While the uncertainty over Telangana hurts, the bigger worries now are the shortage of power supply in the state, the steep rise in power tariffs, the general industrial slowdown and rising interest rates.

E. Kumar Sharma        Last Updated: January 31, 2013  | 14:54 IST

E. Kumar Sharma
E. Kumar Sharma
Three years have passed since then Union home minister P. Chidambaram announced that the process of forming the state of Telangana would be initiated and an appropriate resolution moved in the Andhra Pradesh Assembly. The December 2009 announcement came at the end of an 11-day fast by Telangana Rashtra Samithi (TRS) President K. Chandrasekhar Rao. Since then, all eyes have been on the Congress high command and its response to this new pressure from leaders in the state, across parties.

However, today the industry sees Telangana as just one of the issues of concern. It sees other bigger worries emerging now. "While uncertainty hurts, the bigger worries now are the shortage of power supply in Andhra Pradesh, the steep rise in power tariffs, the general industrial slowdown and rising interest rates," says Devendra Surana, President of the Federation of Andhra Pradesh Chambers of Commerce and Industry. "In power tariff alone we are talking of a 250 per cent increase in three years, from Rs 3 per unit in 2010 to around Rs 7.50 per unit," he adds.

As far as the interest rates are concerned, says Surana, "industry today would need at least a two per cent reduction in interest rates immediately, as at around 13.5 per cent, it may not be sustainable for many". Industry insiders say they can perhaps live with an interest rate of 10 per cent but would struggle with any rate higher than that.

The uncertain environment has hit smaller units the most. Take the case of auto component manufacturers and precision-tool makers supplying large auto companies. Over the last two years, some of them have been forced to set up an additional unit outside the state to ensure that supplies do not get disrupted.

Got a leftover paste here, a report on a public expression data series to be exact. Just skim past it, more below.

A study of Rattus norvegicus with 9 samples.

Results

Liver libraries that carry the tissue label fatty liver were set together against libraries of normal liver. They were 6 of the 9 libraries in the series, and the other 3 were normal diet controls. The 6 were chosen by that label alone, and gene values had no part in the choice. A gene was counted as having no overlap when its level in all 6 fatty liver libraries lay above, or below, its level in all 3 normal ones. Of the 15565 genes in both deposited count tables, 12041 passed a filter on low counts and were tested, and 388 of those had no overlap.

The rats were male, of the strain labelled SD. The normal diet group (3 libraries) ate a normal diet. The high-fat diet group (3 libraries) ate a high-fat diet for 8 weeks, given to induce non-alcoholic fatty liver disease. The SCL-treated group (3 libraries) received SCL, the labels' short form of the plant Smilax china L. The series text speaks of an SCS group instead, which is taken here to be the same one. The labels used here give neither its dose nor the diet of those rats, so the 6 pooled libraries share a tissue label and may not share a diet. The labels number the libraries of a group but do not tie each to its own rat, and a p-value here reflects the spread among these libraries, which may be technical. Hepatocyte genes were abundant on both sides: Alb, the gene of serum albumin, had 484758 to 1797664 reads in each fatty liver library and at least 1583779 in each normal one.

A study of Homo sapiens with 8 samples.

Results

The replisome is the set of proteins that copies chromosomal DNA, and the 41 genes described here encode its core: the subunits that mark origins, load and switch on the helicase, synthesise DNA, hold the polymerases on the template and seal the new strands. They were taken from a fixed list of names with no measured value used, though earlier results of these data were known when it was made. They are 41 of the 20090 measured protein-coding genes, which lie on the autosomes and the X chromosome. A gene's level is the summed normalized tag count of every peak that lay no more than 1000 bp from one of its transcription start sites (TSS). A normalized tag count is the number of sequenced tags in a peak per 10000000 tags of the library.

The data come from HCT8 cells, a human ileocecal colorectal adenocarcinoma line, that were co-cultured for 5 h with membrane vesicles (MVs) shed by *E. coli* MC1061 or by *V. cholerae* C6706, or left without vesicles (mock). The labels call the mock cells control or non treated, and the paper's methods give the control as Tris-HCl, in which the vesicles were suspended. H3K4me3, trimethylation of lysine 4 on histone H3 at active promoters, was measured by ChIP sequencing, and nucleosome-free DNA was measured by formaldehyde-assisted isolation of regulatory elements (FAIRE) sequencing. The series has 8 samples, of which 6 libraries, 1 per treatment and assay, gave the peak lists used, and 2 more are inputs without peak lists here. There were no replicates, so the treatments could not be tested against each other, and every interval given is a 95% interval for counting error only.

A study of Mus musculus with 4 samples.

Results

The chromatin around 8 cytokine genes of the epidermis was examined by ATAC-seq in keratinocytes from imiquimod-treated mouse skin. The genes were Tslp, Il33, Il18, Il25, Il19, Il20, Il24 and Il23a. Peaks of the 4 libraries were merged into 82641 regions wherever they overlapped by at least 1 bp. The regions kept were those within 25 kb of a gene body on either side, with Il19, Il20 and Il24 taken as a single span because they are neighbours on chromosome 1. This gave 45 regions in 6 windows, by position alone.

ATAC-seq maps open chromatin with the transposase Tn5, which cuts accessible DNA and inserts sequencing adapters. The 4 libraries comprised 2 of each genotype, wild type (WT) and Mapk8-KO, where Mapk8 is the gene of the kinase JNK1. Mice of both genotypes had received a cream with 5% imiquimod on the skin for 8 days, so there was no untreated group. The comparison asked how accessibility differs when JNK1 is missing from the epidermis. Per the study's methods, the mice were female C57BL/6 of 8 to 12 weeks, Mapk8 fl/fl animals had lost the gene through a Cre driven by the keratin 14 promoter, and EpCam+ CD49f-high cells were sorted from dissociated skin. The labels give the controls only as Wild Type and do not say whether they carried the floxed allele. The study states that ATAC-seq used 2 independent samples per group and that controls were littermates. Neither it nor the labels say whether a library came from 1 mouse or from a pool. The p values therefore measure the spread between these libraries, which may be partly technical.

"We want the bill (on Telangana) to be introduced in the budget session of parliament because beyond the budget session nobody can guarantee that this government is going to last. The government really depends on support from Mulayam Singh Yadav (Samajwadi Party leader) and Mayawati (Bahujan Samaj Party leader), says K.T. Rama Rao, a TRS leader, who also happens to be the son of TRS president Rao.

Congress leaders from the Telangana region, however, see the current developments as an opportunity lost. "There was a growing feeling among the people of Telangana that the Congress party has almost taken a decision on Telangana. They were having high expectations and they now seem shattered. It is a setback," says Dr Gaddam Vivekanand, Congress MP and a doctor turned entrepreneur. "As a result, we (seven members of parliament) have decided to resign and hand over our resignation letters to the party president."

Not everyone agrees, T.G. Venkatesh, a Congress MLA from Kurnool (Rayalaseema region) and currently the minister for minor irrigation in Andhra Pradesh, feels there is huge public sentiment in favour of a united Andhra Pradesh.

Industry, meanwhile, will have to continue in wait-and-watch mode. For now, the uncertainty continues.